Gold stabilises after slip
Market report Michael Blumenroth – 05.11.2021
Weekly market report
The spectre of inflation continues to haunt the markets, even after Halloween. The rise in consumer prices around the globe in recent weeks turned out to be more drastic than many analysts had forecast: Investors eagerly anticipated the reactions of central banks over the course of the week.
It almost seems as if we were looking at two parallel worlds: On the one hand, central banks, especially those of emerging markets, are taking bold action against rising inflation rates and expectations. Over the past week, Poland and the Czech Republic, for example, surprised market participants with drastic interest rate hikes. On the other hand, ECB president Lagarde rebuffed market expectations for the ECB to raise key interest rates as early as 2022. Fed Governor Jerome Powell also hinted that the reduction in Fed bond purchases currently underway will not necessarily result in the first steps to raising interest rates. The Bank of England, in turn, shied away (at least for the time being) from the key interest rate hike expected by a number of analysts.
Capital market rates and bond yields under pressure
For gold prices, the hesitant scaling back of the expansive monetary policy on the part of the major central banks had the pleasantly supportive side effect that capital market interest rates and yields on government bonds have come under pressure since Wednesday evening. While the precious metal slumped on Wednesday before the Fed meeting, it recovered quite significantly yesterday.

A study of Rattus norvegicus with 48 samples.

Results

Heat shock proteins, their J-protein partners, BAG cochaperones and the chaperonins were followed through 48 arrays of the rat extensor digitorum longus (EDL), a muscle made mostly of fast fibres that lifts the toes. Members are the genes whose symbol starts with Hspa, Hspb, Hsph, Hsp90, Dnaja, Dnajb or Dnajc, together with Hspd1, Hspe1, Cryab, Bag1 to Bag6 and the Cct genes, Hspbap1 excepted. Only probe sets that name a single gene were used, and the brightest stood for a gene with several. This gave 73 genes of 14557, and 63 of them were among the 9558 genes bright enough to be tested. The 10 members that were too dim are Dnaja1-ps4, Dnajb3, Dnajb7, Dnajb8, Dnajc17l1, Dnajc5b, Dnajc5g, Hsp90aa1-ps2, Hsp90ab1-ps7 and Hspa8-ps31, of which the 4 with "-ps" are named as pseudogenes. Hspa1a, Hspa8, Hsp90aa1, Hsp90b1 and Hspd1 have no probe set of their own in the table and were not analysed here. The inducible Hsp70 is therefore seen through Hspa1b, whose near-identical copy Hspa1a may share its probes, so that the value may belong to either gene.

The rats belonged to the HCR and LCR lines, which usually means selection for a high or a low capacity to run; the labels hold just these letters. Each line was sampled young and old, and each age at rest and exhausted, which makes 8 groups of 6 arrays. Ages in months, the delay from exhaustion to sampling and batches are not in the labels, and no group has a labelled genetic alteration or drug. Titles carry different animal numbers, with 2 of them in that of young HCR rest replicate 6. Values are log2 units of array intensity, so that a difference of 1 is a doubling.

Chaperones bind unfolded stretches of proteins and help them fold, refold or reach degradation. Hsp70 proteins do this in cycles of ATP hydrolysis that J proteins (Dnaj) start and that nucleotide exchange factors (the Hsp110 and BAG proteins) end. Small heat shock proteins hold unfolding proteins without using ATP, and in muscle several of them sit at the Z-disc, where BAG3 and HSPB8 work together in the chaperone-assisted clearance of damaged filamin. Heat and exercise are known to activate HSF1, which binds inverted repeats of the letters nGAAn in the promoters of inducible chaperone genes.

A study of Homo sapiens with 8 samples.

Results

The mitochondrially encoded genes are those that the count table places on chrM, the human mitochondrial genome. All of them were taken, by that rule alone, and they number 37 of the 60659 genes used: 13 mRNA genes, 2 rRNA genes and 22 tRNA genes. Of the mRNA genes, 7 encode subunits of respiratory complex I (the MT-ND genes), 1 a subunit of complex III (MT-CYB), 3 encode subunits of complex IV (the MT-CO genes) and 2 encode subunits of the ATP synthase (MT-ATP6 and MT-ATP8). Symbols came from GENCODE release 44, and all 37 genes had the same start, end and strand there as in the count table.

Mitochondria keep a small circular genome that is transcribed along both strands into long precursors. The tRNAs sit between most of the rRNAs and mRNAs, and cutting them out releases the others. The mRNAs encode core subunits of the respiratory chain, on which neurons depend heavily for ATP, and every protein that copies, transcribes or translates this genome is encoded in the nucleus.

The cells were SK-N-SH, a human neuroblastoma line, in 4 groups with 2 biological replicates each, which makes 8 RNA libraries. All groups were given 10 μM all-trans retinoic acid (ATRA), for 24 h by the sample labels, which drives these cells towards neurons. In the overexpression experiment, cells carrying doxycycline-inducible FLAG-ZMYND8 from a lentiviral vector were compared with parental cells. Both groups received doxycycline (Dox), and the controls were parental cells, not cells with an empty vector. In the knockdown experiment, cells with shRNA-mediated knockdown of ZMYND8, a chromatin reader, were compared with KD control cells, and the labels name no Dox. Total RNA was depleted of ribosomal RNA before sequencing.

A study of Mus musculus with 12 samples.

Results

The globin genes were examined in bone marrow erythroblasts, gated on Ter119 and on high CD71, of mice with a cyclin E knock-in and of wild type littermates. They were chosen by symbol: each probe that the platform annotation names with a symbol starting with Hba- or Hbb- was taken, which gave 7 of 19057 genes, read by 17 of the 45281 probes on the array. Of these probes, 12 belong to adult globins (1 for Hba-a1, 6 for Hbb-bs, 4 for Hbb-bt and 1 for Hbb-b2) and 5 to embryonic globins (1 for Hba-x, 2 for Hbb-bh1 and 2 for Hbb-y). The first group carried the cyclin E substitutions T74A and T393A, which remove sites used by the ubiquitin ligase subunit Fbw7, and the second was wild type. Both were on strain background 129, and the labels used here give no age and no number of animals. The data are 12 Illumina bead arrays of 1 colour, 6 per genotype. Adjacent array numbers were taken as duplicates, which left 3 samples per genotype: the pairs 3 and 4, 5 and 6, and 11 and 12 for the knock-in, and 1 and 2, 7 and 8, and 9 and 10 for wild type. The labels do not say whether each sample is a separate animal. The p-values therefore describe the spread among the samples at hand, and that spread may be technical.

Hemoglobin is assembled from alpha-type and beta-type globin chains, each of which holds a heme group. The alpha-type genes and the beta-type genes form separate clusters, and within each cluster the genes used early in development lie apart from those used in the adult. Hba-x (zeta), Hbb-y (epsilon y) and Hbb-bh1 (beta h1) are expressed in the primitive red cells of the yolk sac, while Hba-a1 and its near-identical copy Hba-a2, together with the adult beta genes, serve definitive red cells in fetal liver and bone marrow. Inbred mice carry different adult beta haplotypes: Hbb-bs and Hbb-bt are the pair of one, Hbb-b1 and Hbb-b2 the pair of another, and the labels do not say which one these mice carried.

Gold prices are therefore trading at almost the same level as last Friday. They did drop from 1,795 US$ per ounce to 1,759 on Wednesday afternoon prior to the Fed meeting, but recovered to 1,799 yesterday afternoon alongside declining capital market rates. This morning, the precious metal trades only slightly lighter in US dollars, at around 1,798.
Xetra-Gold bounces back above €50 mark
Xetra-Gold, on the other hand, stands slightly firmer due to the weaker euro-US dollar exchange rate, dropping from 49.50 € per gram last Friday to 48.90 on Wednesday afternoon and reaching its weekly high at 50.10 yesterday afternoon. This morning, it started trading around €50.00.
Next week, there is little to look forward to in terms of insightful data or important central bank meetings. This afternoon, however, US labour market data once again has the potential to rock the markets.
I wish all readers a relaxing weekend.